This past Seahawks’ season ended with an odd emotion, but one you might be able to identify with.
As Julio Jones came down with Russell Wilson’s final pass, and the Georgia Dome began to celebrate, I felt unambiguous disappointment that Seattle’s season ended with a second-round playoff loss at Atlanta. I wanted to keep following that team and that season. I wanted to feel the excitement that would have pulsed through our city in anticipation of an NFC Championship Game at San Francisco.
The Seahawks have spent the past two months — and many millions of dollars — paving over the disappointment of last year with the anticipation and excitement for this season. Receiver Percy Harvin was acquired in a trade. Defensive linemen Cliff Avril and Michael Bennett were signed as free agents. Antoine Winfield took a one-year deal to come aboard just last week. This could be an unprecented year for both the team and the city.
And while you will be in good hands for the wild ride ahead, it will be someone else holding the reins of Seahawks coverage here at The Seattle Times. Today is my last day at the paper. I’ve joined 710 ESPN Seattle where I will be appearing alongside Brock Huard from 9 to noon every weekday on “Brock & Danny.” It is a remarkable opportunity for me, a new challenge I am very excited about.
While I will continue to cover the team for the station’s Web site, I am going to miss covering the team for The Seattle Times. There is something very special about working for not just a daily newspaper, but for this daily newspaper. That’s true for everyone from the sports staff all the way up to the publisher, Frank Blethen. It’s hard to adequately describe the range of opportunities I’ve had here from meeting my wife (yay!) to covering the one Seahawks’ start by Charlie Frye (yuck!). This newspaper has been gracious enough to hire me three different times, shepherding all the way through my career from a college student answering phones to a reporting job covering high-school sports to the past seven seasons covering the Seahawks.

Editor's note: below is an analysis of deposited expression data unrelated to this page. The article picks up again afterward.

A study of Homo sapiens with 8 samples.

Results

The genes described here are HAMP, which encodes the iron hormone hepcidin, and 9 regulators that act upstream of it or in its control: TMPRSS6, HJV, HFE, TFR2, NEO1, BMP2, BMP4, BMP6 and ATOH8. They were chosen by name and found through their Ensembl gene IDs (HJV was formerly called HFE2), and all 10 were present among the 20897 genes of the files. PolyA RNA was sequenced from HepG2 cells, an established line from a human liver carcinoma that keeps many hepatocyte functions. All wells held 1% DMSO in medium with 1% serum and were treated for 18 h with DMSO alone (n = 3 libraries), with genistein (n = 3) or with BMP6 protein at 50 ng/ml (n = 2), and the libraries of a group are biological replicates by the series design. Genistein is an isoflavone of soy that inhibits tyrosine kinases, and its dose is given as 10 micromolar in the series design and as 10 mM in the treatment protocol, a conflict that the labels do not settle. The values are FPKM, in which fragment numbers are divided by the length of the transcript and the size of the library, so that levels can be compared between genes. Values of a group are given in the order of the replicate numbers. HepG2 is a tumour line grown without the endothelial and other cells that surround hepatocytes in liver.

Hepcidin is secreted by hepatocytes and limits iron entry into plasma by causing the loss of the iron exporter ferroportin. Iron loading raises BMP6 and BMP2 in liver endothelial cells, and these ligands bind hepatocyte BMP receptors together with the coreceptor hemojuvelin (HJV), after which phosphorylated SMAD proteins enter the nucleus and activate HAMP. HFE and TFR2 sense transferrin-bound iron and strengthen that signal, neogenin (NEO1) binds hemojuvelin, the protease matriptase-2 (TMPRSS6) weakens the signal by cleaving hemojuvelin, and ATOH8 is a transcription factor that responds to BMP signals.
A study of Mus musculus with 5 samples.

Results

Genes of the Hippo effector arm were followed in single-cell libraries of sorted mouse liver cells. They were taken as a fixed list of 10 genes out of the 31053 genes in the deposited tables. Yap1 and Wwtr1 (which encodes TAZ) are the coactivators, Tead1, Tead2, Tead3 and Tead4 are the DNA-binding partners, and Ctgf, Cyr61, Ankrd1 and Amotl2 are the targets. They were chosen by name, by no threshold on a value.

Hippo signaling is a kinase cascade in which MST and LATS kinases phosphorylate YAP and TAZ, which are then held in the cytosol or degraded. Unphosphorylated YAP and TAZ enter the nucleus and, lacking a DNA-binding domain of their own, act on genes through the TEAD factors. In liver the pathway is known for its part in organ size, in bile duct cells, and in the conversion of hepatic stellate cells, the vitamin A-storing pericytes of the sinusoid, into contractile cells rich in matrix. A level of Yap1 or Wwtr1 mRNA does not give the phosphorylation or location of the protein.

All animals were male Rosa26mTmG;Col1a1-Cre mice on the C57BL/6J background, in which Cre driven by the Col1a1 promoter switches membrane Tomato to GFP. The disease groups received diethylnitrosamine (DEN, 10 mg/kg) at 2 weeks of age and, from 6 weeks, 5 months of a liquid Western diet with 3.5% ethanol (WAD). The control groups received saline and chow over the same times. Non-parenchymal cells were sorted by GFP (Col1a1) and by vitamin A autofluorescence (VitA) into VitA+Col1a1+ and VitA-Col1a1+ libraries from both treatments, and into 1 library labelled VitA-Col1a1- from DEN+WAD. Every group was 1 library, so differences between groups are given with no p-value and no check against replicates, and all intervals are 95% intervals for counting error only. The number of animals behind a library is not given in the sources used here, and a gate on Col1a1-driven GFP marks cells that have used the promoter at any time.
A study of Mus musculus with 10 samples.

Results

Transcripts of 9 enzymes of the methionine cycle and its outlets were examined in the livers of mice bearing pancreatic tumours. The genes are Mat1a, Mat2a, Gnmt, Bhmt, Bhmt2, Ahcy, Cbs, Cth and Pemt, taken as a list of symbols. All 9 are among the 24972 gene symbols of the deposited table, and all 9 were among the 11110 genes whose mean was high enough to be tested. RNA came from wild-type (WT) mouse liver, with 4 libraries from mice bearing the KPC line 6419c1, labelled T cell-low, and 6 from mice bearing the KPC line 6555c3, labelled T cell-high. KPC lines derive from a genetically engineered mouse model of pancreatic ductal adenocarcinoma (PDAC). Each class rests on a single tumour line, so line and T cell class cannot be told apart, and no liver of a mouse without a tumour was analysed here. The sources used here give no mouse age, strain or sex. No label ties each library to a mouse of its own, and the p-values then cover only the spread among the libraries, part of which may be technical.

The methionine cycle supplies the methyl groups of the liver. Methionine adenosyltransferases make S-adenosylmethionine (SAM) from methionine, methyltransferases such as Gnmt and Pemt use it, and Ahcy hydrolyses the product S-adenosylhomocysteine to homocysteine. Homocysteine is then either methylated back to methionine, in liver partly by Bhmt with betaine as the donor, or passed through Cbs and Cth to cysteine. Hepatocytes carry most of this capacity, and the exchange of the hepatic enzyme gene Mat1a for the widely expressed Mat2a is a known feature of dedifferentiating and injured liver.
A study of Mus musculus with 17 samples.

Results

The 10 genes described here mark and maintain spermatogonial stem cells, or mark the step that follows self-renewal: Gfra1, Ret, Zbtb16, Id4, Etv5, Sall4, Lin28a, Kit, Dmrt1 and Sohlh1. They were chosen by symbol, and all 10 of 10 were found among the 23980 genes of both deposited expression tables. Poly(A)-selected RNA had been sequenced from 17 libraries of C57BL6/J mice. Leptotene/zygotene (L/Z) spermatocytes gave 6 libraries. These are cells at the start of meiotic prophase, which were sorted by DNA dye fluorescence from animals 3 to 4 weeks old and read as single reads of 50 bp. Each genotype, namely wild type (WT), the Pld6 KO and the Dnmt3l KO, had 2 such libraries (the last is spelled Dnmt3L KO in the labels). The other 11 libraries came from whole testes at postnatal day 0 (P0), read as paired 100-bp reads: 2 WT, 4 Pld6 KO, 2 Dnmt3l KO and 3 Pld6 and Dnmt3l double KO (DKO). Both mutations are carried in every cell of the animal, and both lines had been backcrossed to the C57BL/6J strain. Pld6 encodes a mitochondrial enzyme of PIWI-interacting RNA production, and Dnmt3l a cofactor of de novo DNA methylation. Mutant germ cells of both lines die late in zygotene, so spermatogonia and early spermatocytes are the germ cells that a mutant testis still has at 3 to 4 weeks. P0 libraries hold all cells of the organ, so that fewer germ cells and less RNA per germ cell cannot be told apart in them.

I am so very grateful The Seattle Times has provied two things at a premium in today’s newspaper economy: space and travel. They sent me to Orange, Texas, to write about Earl Thomas III, to Montana to trace the last fall from grace for Ryan Leaf and also to Southern California in search of Brian Bosworth. Last year — as the Seahawks were on a historic December run — I went to Virginia to research the raising of a certain 5 feet, 10 five-eighths inch quarterback. It would have been easier for The Seattle Times not to do these stories both in terms the travel expense and manpower. Someone else had to cover the team’s locker room while I reported those stories. But The Seattle Times has always put the stories first in an effort to give readers unique insights into the players that matter most to our city. I couldn’t have asked for more writing opportunities, and the fact that I’m leaving The Seattle Times illustrates my excitement over this new and surprising opportunity in a new medium more than anything else.
The final thing I want to thank The Seattle Times for is the opportunity to connect with you, the readers. This has occurred in all sorts of ways from the weekly Tuesday chats that were a highlight of my week to the occasionally testy comments about my blog output to the group of dudes I met at Carlow East in Manhattan back in 2011 the night before the Seahawks played the Giants. Two weeks ago, I saw an analysis of Internet traffic, and the Seahawks’ coverage — in terms of stories, columns and blog entries — had generated the most traffic of any subject on the site going back to Oct. 1. That is a testament to your enthusiasm for the subject, an appetite that The Seattle Times will continue to meet as it puts more resources into Seahawks’ coverage.
I close by saying thank you not only to The Seattle Times for the opportunity to cover the Seahawks, but to everyone who read and participated in our coverage. I hope that you’ll continue hearing from me as I take this new step in my career, but know there’s a part of me that will miss being there for you in the pages of this very special newspaper, too. Thanks.